By Bill Minor
Send Forest Thigpen $500 and he’ll anoint you a “patriot.” Send $25,000 and he’ll call you a “visionary.” Dough Thigpen raises is for what’s called the Mississippi Center for Public Policy. He calls it a Think Tank, but in reality it’s the most influential lobby at the Capitol.
The reason: Thigpen has the ear of the state’s top officials who all happen to be Republicans. Some knowledgeable observers say Thigpen is operating a shadow government. Certainly Gov. Phil Bryant, the state’s top official, is doing his bidding.
To believe only what Thigpen claims in his mailings, he is just a conservative advocating good government. In reality, however, Thigpen right now is shaping state governmental policy on the two most critical issues facing the current Legislature: 1. Whether to expand Medicaid under the 2010 Affordable Care Act, a move that would bring medical coverage to some 300,000 low-income, mostly working-poor Mississippians; and 2. Whether a new system of privately-run, taxpayer funded, “charter” schools is installed.
His primary target at the Capitol is to kill any state move to expand Medicaid coverage.
A little background on Thigpen: Originally from Cleveland, his father “Bud” was a Democratic lawmaker and sidekick of notoriously heavy-handed House Speaker Buddie Newman. Forest Thigpen served for 10 years on Thad Cochran’s Washington staff before coming down to launch the Mississippi Center for Public Policy as purportedly an “independent, non-profit public policy organization.” His literature says “individuals, corporations and foundations” financially support the outfit he created.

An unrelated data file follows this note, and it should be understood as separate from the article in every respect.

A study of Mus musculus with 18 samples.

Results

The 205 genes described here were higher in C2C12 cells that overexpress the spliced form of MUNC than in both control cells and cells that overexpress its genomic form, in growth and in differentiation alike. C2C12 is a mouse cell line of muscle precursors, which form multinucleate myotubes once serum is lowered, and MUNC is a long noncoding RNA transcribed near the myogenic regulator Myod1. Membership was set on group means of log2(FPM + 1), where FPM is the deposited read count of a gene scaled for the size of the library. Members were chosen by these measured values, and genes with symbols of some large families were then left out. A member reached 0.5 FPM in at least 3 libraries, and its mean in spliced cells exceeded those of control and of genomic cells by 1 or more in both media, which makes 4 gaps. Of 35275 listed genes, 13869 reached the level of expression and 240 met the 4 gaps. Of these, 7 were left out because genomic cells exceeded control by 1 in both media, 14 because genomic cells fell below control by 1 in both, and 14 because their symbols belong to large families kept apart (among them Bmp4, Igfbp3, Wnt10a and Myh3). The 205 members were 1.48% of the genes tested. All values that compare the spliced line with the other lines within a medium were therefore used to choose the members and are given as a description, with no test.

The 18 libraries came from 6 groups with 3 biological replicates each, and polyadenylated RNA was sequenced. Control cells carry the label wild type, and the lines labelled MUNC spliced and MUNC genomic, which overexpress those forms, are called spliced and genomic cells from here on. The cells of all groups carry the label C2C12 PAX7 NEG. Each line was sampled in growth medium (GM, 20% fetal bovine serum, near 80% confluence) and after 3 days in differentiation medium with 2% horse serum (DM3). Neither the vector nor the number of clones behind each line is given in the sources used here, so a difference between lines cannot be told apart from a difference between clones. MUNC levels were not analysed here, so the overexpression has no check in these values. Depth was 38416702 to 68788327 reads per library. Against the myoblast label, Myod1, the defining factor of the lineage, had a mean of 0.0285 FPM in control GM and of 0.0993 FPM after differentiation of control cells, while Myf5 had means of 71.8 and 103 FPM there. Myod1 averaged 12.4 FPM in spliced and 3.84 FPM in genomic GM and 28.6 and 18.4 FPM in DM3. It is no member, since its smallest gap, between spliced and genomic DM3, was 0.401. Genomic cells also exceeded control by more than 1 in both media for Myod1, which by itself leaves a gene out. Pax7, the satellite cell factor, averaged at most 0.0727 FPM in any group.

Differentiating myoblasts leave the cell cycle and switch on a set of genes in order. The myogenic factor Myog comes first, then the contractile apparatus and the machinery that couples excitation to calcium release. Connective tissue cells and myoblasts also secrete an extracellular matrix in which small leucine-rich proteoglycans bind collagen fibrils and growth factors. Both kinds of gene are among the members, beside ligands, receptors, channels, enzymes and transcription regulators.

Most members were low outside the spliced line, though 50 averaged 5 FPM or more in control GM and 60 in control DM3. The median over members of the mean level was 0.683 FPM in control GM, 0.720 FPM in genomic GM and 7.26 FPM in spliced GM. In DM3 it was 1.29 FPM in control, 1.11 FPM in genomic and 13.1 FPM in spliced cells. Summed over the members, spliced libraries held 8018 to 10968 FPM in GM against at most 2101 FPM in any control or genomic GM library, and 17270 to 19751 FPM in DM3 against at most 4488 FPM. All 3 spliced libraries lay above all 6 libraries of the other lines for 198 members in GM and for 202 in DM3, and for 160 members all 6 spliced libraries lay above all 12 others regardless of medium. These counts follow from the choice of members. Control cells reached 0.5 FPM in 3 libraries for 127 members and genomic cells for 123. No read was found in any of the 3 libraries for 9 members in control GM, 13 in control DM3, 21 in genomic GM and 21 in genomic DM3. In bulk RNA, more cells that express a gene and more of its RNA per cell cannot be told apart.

Haley Barbour became Thigpen’s first sugar daddy eight years ago when he mailed several endorsement cover-letters in 9×12 manila envelopes that looked very much like official state correspondence. Phil Bryant followed suit. Recently State Auditor Stacy Pickering got into the act, praising Thigpen’s influence “for good.”
Recently Thigpen stacked a Mississippi legislative hearing on Medicaid expansion with alleged health care “experts” who testified against expansion. One principal witness was a Florida woman connected to the American Legislative Exchange Council, better known as ALEC, the front group which the billionaire Koch brothers use as a conduit to enact right wing bills (among them Voter ID, charter schools and blocking so-called Obamacare) in Republican-controlled states.
In Mississippi, Thigpen is registered as a lobbyist with the secretary of state and while not reporting contributions to MCPP, he has reported expenditures. Of particular interest is a report he bought airplane tickets and hotel expenses for more that 50 legislators (plus presiding officers in both chambers) he took to Orlando last October to visit several Florida charter schools.
Rep. Credell Calhoun of Jackson, one of the few Democrats on the trip, said he was not persuaded to support the charter school idea.
Calhoun said however the trip did convince him that Thigpen was getting backing from ALEC, the Koch brothers’ front group. “The corporations seem to be taking over our government, from the state level all the way to Washington,” the outspoken Calhoun declared.
Syndicated columnist BILL MINOR has covered Mississippi politics since 1947. Contact him through Ed Inman at firstname.lastname@example.org.